I'm not much of a host. The whole idea doesn't really vibe with my obsessive-compulsive cleaning tendencies.
But while the thought of guests spilling red wine on my suede sofa haunts me, I'd be lying if I said I haven't fantasized about throwing a swanky dinner party.
I'm talking about a full-course menu: wine, fancy stemware, cloth napkins and me saying all the rights things while wearing a smoking jacket.
It all sounds relatively easy: Slap together some Mexican recipes (my specialty), pore over wine labels, and print a classy menu, right?
Not even close.
What was supposed to be a simple dinner party has escalated into a full-blown Mexican Thanksgiving with friends and family.
And for me, the path to perfection has been littered with exploding tomatoes (I accidentally flung one against a wall), fallen limes and one tragically incinerated bread loaf. Over the past two months of recipe exploration, I've burned my tongue, my thumbs and the midnight oil fooling around with kitchen chemistry. I usually just cook for myself, but cooking for seven? I need a vacation.
I started by arranging a menu of authentic Mexican dishes, and the whole experience up to now has been nothing less than frustrating, if not dangerous.
One night, I dropped a spatula and, annoyed, let the cat clean it up while I went out for a sandwich. And don't get me started on cleaning cast-iron skillets -- brutal.
It feels like I've been practicing to be on Top Chef. That's really the only way to explain the hasty happenings in my kitchen.
In the end, I created five original recipes, including some of my all-time favorites: molletes, caldo de pollo, milanesa and chilaquiles.
Molletes, the first course, is a Spanish-Mexican dish similar to bruschetta. Toasted bread is topped with butter, a black-bean spread, queso fresco and a spicy-sweet pineapple pico de gallo. Of the five dishes, this is the easiest -- minus the occasional burnt loaf of bread -- since only the beans have to be cooked.
Another course, caldo de pollo, is a soup I grew up with in Mexico. It's relatively easy to make, if you're patient. Simmered vegetables give the soup its earthy flavor and rustic texture, complemented by a shiraz.
Milanesa is a thin, breaded steak, another Mexican food staple. I use my mom's "secret" breading: crackers (instead of bread crumbs).
The main course is chilaquiles. There's really no standard way of preparing the dish, and some cooks prefer green salsa over red, eggs omitted, and so on. Traditionally, the dish is prepared with a tomato-based sauce similar to marinara. I simmer mine for about an hour, and it's made with roasted garlic, peppers, tomatoes, cumin, Mexican oregano and paprika.
Chilaquiles are the most difficult to prepare. The sauce has to be perfectly balanced, and the tortillas have to be slightly crispy, no more or less. More than 100 tomatoes sacrificed their existence for this dish.
To add another layer of complexity and bonus what-the-heck-was-I-thinking moments, I decided to pair each dish with a wine. I'm not a wine pro, but the process is exhausting, and, of course, intoxicating.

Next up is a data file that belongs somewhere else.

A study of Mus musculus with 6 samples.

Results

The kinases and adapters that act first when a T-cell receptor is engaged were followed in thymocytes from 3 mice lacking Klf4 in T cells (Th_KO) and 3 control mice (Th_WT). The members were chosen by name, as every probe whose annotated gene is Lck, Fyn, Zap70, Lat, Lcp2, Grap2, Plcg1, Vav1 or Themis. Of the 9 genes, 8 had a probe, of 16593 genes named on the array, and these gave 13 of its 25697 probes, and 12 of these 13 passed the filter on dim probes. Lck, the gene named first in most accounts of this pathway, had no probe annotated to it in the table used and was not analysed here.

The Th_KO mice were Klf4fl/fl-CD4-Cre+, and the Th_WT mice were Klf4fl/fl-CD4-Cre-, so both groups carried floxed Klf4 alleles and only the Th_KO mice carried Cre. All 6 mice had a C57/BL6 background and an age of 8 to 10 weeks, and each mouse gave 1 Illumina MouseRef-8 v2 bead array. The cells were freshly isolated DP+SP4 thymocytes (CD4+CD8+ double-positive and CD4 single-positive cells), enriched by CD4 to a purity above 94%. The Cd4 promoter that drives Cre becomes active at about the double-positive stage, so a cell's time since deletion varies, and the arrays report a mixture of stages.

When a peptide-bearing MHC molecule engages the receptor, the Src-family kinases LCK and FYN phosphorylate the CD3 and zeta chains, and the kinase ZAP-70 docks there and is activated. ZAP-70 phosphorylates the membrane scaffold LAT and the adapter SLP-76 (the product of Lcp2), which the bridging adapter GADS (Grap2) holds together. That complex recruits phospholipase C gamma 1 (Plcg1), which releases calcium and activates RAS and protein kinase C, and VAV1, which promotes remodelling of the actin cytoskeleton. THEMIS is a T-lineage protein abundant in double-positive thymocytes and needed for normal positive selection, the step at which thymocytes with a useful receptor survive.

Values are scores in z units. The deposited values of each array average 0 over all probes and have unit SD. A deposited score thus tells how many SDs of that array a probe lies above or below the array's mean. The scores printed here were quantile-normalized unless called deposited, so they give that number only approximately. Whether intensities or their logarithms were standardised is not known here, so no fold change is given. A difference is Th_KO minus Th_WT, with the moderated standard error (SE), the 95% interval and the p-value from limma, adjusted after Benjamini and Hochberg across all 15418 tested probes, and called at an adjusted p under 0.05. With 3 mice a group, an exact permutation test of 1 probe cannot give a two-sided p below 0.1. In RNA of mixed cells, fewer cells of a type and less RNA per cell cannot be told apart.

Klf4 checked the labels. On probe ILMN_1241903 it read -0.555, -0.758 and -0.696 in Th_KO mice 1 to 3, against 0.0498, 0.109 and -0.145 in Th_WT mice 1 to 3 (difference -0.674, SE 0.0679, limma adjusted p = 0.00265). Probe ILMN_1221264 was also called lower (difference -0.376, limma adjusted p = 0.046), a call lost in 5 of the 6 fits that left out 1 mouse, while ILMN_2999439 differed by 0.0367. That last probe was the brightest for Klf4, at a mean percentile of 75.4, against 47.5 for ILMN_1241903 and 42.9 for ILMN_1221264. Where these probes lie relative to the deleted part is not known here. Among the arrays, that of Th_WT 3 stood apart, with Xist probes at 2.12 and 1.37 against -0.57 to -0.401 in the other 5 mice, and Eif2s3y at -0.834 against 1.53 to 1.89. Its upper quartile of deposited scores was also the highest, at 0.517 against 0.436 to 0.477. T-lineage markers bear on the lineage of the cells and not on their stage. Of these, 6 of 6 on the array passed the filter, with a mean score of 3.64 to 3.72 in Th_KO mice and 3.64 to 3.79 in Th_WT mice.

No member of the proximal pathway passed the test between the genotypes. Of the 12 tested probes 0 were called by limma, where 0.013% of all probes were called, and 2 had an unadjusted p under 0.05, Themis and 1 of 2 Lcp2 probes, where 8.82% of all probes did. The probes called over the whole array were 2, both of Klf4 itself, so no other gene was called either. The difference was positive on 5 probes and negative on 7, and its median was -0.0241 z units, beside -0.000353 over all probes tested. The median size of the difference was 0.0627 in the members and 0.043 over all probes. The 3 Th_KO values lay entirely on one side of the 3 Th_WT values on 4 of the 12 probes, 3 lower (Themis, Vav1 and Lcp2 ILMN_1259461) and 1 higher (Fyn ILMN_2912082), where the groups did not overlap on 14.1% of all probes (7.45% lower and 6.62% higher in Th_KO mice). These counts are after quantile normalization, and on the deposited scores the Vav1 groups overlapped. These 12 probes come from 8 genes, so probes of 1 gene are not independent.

Simmer, sip, simmer, sip, drop stuff, curse myself, wash my apron a million times -- that's all I've been doing lately.
And since I'm an all-or-nothing kind of guy, I even converted my home office into a proper dining area, complete with an antique farm table, tarnished silverware I found at an auction, new dinnerware and, yes, cloth napkins.
All in the service of an authentic full-course menu for a gourmet Mexican feast. But in the end, despite a razed kitchen, several nicked fingers and a place that permanently reeks of onions, it was totally worth it. Happy Thanksgiving, amigos!
Salsa fresca de piña (pineapple pico de gallo) for molletes
Makes one bowl
Half a white onion, diced
2 garlic cloves, minced
2 jalapeños, diced
2 pineapple slices, diced
2 tomatoes, diced medium
Juice of 1 lime
Cayenne pepper (optional)
Combine first six ingredients in a bowl. Add cayenne pepper to make it even spicier. Salt to taste. Refrigerate mixture to let the flavors settle.
1/4 stick of butter
2 baguettes, cut lengthwise and then to your desired length
1 can of black beans
Olive oil, for skillet
1 cup queso fresco
1 recipe salsa fresca de piña
1. Preheat oven to 350 degrees.
2. Put a square of butter on each baguette half and toast in oven for 7 minutes or until edges are golden brown.
3. Mash black beans and cook in a skillet on medium heat with olive oil for about 5 minutes.
4. Add black bean spread to baguettes and top with queso fresco. Top each with pineapple pico de gallo and serve immediately.
Makes about 3 servings
6 tomatoes, cut in half, plus 1 tomato, diced medium
1 jalapeño, cut in half
2 cloves of garlic
Ground beef (as much as is required to serve your guests)
1 onion, diced
1 teaspoon cumin
1 tablespoon Mexican oregano
1 1/2 tablespoons paprika
8 yellow corn tortillas, cut into 1-inch squares
Oil, for skillet
1. In a comal or cast-iron skillet, roast tomato and jalapeño halves on each side with garlic until charred.
2. In a separate skillet, cook beef. After it's cooked, add diced tomato and lower the heat.
3. Peel charred tomatoes and peppers and combine in a blender; mince the garlic and add, then blend everything together until smooth.
4. Add mixture to skillet with beef. Add onion, cumin, oregano and paprika, and season with salt. Let simmer for about an hour or until most (not all) of the water from the tomatoes has evaporated.
5. Fry tortillas in a separate skillet with olive oil on medium heat until crispy.
6. Plate tortilla squares, top with the beef mixture, drizzle with crema, and garnish with cilantro.